Driving and accelerating electric vehicle adoption

  • 2020

Transport is a major source of greenhouse gas (GHG) emissions. In the UK alone the sector accounts for around 28% of all GHG emissions, more than any other sector. 


Alongside a transition to more active travel, greater public transport use and human-centred urban planning, the large-scale adoption of electric vehicles (EVs) is a key pillar of the UK government’s efforts to create a carbon neutral economy by 2050. 


Towards the end of 2020 the government announced plans to ban the sale of new petrol and diesel cars from 2030. This new urgency makes the question of how to accelerate uptake of EVs more pressing than ever. At its heart this a behavioural issue and therefore one where behavioural insights can and must play a major role if we are to achieve these GHG reduction targets. 


In our work in this area we’ve diagnosed barriers to EV uptake, such as:


  • Do people perceive them as viable for their needs? Public knowledge must be accurate, and perceptions of EVs positive if this is to occur.


  • Are EVs affordable? Affordability is currently a major barrier, in particular upfront costs which loom large in the mind despite cheaper running costs. Since most people never buy a new car, a critical component of this is the penetration of EVs into the second hand market. Increasing this, for instance through short-ownership commercial fleets, is vital.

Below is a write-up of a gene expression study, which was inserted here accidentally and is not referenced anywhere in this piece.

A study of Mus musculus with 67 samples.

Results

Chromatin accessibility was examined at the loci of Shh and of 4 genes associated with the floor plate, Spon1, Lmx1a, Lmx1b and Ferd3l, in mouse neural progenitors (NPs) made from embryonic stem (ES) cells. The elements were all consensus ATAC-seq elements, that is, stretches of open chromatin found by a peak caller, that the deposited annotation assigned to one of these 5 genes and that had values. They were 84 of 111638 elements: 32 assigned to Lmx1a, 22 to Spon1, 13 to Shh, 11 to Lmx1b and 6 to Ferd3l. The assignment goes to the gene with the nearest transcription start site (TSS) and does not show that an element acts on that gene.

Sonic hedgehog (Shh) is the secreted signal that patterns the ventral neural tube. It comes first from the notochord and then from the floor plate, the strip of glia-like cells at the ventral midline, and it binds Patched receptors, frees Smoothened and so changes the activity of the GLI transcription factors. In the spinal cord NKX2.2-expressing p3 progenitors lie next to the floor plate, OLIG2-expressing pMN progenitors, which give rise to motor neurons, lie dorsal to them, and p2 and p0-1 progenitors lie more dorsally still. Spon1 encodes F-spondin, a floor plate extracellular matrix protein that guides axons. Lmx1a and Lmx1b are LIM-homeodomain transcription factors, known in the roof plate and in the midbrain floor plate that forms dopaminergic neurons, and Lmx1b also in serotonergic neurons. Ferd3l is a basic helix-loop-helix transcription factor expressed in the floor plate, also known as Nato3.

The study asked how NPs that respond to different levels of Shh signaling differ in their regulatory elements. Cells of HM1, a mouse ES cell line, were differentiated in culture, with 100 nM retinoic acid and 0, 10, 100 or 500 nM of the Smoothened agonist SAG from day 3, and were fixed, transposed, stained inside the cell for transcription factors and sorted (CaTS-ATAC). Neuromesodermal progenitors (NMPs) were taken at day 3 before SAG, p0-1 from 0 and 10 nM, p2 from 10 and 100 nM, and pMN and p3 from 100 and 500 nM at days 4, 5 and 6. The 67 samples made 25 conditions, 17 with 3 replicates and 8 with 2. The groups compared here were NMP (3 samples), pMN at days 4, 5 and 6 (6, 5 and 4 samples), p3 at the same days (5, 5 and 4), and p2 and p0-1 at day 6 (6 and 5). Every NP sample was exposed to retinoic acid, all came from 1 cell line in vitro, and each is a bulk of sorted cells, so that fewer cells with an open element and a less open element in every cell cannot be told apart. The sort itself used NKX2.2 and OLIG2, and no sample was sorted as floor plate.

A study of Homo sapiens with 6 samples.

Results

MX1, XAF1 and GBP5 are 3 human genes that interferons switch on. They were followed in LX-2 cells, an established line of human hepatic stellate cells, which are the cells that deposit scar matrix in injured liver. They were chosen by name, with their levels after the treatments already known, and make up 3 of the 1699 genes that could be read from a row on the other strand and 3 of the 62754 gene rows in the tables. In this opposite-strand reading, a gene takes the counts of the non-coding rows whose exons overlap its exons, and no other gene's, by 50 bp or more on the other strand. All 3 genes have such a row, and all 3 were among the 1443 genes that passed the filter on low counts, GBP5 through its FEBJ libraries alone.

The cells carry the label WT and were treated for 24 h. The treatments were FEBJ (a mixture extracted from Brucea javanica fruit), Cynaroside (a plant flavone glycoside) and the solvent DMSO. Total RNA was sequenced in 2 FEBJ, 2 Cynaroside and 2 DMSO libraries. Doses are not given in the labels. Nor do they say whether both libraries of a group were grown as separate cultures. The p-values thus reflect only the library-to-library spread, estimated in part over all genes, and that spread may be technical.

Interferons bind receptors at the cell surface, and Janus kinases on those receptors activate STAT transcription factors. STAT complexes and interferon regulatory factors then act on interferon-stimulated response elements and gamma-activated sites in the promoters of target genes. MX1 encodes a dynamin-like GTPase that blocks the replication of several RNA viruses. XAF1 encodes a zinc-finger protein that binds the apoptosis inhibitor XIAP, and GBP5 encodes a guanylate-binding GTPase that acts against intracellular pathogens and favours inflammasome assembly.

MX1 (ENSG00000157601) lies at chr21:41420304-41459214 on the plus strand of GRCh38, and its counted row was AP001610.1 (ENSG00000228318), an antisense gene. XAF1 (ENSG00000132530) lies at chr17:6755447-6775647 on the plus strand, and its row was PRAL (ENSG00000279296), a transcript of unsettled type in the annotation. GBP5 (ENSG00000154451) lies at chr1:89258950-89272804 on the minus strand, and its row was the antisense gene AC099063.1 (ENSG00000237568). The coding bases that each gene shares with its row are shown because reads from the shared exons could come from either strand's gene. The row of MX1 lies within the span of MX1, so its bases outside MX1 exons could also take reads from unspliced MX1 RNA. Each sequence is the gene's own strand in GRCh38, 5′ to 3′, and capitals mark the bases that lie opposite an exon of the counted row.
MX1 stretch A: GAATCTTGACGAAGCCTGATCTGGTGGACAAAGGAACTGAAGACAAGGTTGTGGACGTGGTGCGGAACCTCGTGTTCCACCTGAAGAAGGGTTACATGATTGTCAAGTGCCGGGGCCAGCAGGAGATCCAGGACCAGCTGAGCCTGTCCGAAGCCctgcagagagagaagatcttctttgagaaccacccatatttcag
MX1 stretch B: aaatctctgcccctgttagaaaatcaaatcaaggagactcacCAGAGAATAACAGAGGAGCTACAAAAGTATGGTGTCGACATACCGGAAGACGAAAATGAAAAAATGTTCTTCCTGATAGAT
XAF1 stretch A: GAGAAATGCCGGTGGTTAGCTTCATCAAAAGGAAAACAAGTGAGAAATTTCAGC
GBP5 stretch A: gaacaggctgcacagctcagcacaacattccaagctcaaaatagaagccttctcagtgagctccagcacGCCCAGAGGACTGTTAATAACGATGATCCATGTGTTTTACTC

• Is charging convenient? Charge points must be rapid and ubiquitous. However the devil is in the detail – perceptions are often worse than reality, so initiatives to align the two are worthwhile.


  • Is the vehicle functionality adequate? This includes addressing concerns over range and confidence in long-term battery life, particularly among second-hand buyers.


  • And are EVs desirable? Do they fit in with common aspirations and mainstream identities?


Through workshops with a wide range of stakeholders, we’ve developed 65 behavioural policy options tackling these objectives. We’ve also tested many of them with private and commercial consumers to gauge public support and likely impacts.


We firmly believe that a holistic approach is necessary, to address all of these barriers. Though some big-ticket policies may be necessary to address cost barriers and improve infrastructure, there are also many finer behavioural points that will have outsize impacts – from the way in which pricing is communicated and grants are framed, to the way in which simple market mechanisms such as standardised tests could increase buyer confidence in second-hand battery life.